Tuesday, June 5, 2012

The Parents of James Grantson Holliman, Part I

by Glenn N. Holliman

Who are the Parents and Grandparents of James Grantson Holliman (1750 - 1836)?

Several months ago, I posted articles on Hollimans who settled in West Alabama in the 1830s and their descendants who live there to this day.  The Alabama Hollimans (and others) descend from James Grantson Holliman, my generation's 4th great grand father who was born in Johnston County, North Carolina in 1750 and died in Lancaster County, South Carolina in 1836.  Some of his children, one being Cornelius Holliman, my 3rd great grandfather, moved to Alabama the year their father died.

The Hollimans (various spellings) began to leave southern Virginia, generally Isle of Wight and Surrey Counties, in the decades after the Tuscarora tribe was displaced from North Carolina in the 1710s and 1720s.  As with thousands of others, they began to settle south of the Virginia border in the tidewater, sand hill and piedmont sections of eastern North Carolina.  The spelling of Holliman varied from generation to generation and from county clerk to county clerk.  Hence, one find Hollomans, Hollemans and other variations after the 'y' in Holyman gave way to other vowels.

As with almost all genealogies there are 'missing gaps' or uncertainties of the names of ancestors.  What follows hopefully a mystery solved concerning my generation's 5th great grandparents.

The names of the parents and grandparents of James Grantson Holliman have been a puzzle to many.  A popular Holliman family lineage web site states that Christopher Holliman Sr. (d 1691) begat Christopher Holliman, Jr. (true enough) who begat John Holliman (true) who begat Jesse Holliman (true) who was the father of James Grantson Holliman (not supported by evidence).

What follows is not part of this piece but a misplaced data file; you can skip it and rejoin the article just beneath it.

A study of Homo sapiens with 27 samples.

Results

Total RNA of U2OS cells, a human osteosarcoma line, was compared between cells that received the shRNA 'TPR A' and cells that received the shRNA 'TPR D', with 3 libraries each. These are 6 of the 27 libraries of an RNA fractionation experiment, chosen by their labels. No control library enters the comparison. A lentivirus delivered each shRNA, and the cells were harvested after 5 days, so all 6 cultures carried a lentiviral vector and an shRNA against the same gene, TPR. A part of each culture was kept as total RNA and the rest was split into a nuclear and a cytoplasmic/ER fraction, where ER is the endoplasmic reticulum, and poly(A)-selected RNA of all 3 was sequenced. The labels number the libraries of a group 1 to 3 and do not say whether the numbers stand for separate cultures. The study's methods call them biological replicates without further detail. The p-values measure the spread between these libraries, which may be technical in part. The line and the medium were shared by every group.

Several years ago over dinner in Virginia with my cousin Dr. Rhodes Holliman (who along with his late father Cecil Rhodes) is an accomplished Holliman historian, observed that the family lineage between Christopher Sr. and James Grantson was 'soft' and had some holes in it.  Coming from a person highly immersed in Holliman history, and who has continued to build on his father's extensive research, well, this got my attention.  Dr. Rhodes Holliman, below, has been stalwart in keeping the flame of the history of Alabama Hollimans burning brightly.
Then I heard from Maxine Wright, persistent and careful Holliman researcher from Arkansas and another descendant of James Grantson Holliman, who discovered a host of reasons that challenge this ‘conventional’ line.Then I noticed on the Tina Peddie chat room other cousins, Joe Parker and Jeanette Holiman, who are always very well researched, also challenged the above lineage. Ron Holliman from Alabama raised my doubts also with information on Samuel Holliman's historic home near Rocky Mount, North Carolina.

Take a minute below to review the 'traditional' lineage that is posted widely on the Internet and many Ancestry.com sites. The web site done a number of years ago represents a mountain of work by a distant cousin for which we all should be grateful.  However, as with any historical research and interpretation (especially mine), we need to keep probing and critiquing. Genealogy is a process.

The Web Lineage that is challenged but still on the web and Ancestry sites - 

Christopher Holyman, Sr. (1618 - 1691) (DNA testing proves this Christopher is my ancestor)
Christopher Holliman, Jr. (1660 ca - 1733)
John Holliman (d 1751), wife - Elizabeth
Jesse Holliman, (d 1812), wife Charity Coffer in 1753
James Grantson Holliman (1750 - 1836), my 4th Great Grandfather 

Now in the next posting, Jeanette Holiman Stewart will prove a negative and demonstrate the above lineage is not POSSIBLE.